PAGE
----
The art of cinematography revolves around the shots, angles and
movement of characters within a film. Cinematography is vital in building
tension in thriller movies and influencing the emotions that the audience
SHOTS – A shot is a unit of recording from the camera within a piece. A
film is compromised of various different shots, shot at various distances
and focus levels.
ANGLES – The angle of a shot is the position of the camera relative to the
character. It can be short or wide & high or low.
MOVEMENT – How the camera moves to follow the on screen action. This
could be a panning across, zooming or tracking a character across screen.
Thriller films most often use close up shots to convey emotion from the
character in moments of fear, anger and suspense. Close up shots allow
more emotion to be conveyed because people can recognise the small
movements on the face of the actor, as well as the larger facial gestures.
Often in thriller films, small details in the foreground of a shot can make a
large impact (e.g. a dead body). Therefore, deep focus is often used to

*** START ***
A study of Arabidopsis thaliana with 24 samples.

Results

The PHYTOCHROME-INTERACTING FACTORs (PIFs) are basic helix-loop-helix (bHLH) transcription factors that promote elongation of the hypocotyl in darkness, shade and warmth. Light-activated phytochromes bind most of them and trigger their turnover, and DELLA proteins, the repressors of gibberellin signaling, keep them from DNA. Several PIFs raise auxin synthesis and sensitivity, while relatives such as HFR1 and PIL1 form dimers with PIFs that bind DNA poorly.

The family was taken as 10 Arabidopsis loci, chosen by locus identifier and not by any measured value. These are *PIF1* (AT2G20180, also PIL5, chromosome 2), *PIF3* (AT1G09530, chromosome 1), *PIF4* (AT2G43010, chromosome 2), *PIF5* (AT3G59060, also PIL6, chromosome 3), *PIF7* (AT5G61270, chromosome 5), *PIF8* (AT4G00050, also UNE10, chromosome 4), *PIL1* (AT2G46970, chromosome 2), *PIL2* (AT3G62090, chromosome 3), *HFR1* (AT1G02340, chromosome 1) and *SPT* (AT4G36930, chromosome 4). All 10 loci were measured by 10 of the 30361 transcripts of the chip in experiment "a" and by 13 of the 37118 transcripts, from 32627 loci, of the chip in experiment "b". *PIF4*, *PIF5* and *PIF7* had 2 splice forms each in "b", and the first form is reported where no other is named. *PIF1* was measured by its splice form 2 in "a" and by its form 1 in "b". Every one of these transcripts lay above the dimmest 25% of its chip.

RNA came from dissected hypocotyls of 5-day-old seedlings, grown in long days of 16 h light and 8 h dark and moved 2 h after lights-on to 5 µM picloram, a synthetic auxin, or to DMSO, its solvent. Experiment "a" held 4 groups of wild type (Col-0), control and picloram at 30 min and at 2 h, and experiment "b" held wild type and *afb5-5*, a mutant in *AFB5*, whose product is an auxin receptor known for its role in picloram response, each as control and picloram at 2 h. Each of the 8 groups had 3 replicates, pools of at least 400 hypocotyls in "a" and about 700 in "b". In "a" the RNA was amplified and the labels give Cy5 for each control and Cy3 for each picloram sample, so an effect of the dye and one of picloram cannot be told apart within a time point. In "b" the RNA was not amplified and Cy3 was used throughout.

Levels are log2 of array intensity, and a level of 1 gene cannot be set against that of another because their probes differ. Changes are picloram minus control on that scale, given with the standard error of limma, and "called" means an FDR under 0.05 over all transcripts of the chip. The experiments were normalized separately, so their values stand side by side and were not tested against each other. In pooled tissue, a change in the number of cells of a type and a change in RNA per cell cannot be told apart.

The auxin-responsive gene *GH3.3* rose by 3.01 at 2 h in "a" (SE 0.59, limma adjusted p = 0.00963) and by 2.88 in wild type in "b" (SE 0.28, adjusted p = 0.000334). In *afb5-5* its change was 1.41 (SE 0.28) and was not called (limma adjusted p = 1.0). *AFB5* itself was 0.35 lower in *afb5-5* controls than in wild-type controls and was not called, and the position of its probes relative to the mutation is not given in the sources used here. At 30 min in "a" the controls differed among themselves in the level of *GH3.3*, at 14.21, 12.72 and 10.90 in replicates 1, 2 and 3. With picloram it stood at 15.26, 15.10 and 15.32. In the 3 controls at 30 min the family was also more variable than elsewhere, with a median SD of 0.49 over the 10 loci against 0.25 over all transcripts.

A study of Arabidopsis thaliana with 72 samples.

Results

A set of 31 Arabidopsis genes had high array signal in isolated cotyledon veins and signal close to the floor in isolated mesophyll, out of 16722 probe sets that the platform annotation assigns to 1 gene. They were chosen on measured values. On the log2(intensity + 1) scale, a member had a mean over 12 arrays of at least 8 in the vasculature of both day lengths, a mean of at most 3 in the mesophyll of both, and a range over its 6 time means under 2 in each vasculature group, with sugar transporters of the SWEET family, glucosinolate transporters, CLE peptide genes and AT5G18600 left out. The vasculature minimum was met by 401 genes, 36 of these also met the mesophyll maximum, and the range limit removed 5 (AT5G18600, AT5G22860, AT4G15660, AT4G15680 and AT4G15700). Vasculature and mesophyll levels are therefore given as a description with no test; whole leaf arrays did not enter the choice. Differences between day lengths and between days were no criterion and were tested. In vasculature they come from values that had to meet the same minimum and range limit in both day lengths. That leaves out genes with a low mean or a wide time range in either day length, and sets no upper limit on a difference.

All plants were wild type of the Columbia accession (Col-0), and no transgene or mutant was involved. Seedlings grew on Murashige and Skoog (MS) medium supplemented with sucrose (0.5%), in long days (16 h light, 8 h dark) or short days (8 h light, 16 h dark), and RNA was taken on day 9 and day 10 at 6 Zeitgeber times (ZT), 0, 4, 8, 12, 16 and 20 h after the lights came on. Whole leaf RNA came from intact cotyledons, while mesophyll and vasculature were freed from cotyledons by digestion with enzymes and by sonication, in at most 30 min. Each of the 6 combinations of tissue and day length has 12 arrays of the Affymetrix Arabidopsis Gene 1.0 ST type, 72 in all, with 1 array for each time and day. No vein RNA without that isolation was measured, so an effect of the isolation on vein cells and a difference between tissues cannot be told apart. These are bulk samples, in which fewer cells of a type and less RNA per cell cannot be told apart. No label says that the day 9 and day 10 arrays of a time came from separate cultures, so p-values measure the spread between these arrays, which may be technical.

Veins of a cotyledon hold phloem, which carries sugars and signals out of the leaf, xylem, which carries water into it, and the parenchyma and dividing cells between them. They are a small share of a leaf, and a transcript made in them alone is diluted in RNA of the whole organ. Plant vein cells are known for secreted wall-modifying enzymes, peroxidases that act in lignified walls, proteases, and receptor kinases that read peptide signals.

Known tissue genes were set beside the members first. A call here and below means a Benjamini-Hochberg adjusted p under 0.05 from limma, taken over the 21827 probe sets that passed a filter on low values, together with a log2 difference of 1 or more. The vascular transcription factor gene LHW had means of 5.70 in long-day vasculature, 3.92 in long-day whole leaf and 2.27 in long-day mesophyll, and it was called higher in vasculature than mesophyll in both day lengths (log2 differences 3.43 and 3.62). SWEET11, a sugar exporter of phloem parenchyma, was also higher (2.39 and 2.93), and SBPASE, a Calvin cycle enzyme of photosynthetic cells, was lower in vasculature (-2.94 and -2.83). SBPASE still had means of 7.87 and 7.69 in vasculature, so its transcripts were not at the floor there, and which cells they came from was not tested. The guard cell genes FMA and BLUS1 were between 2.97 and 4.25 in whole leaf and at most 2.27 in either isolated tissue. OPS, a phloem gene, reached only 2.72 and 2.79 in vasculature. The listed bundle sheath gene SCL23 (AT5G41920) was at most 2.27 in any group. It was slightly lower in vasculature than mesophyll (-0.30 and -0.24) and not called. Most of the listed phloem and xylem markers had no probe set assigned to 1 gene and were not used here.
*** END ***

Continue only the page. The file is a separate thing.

emphasise foreground items and blur the background. (1)
Thrillers avoid wide and long shots in times of tension as it has more
impact up close, however they are regularly used to set the scene or show
Low angles are often used in thrillers to convey the superiority of certain
characters. This can help the audience determine where characters
function within the overall narrative. For example, a criminal about to kill
someone would be shot from below them to show their power.
High angles are used to convey the opposite of a low angle; they often
show vulnerability and lack of knowledge or power. For example, the
victim of a crime could be shot from a high angle.
Eye level shots can be used to portray some form of stand off or tension
between characters, a convention derived from westerns. However, in a
thriller they can also be used to convey friendship or the equality of
In a thriller film, it is often important that we know as little as the character
does so that we can understand and empathise with their fear. Tracking is
used to follow the character on screen and reveal only as much as they
see, not ruining the surprise for the audience.
Panning and zooming out can be used in the same way to create tension,
slowly revealing the danger to increase the suspense. For example, slowly
panning toward a monster from the camera would leave the audience in
suspense for the duration of the shot.
Zooming in can be used to focus on a specific detail that a character has
missed to make the audience aware of the danger.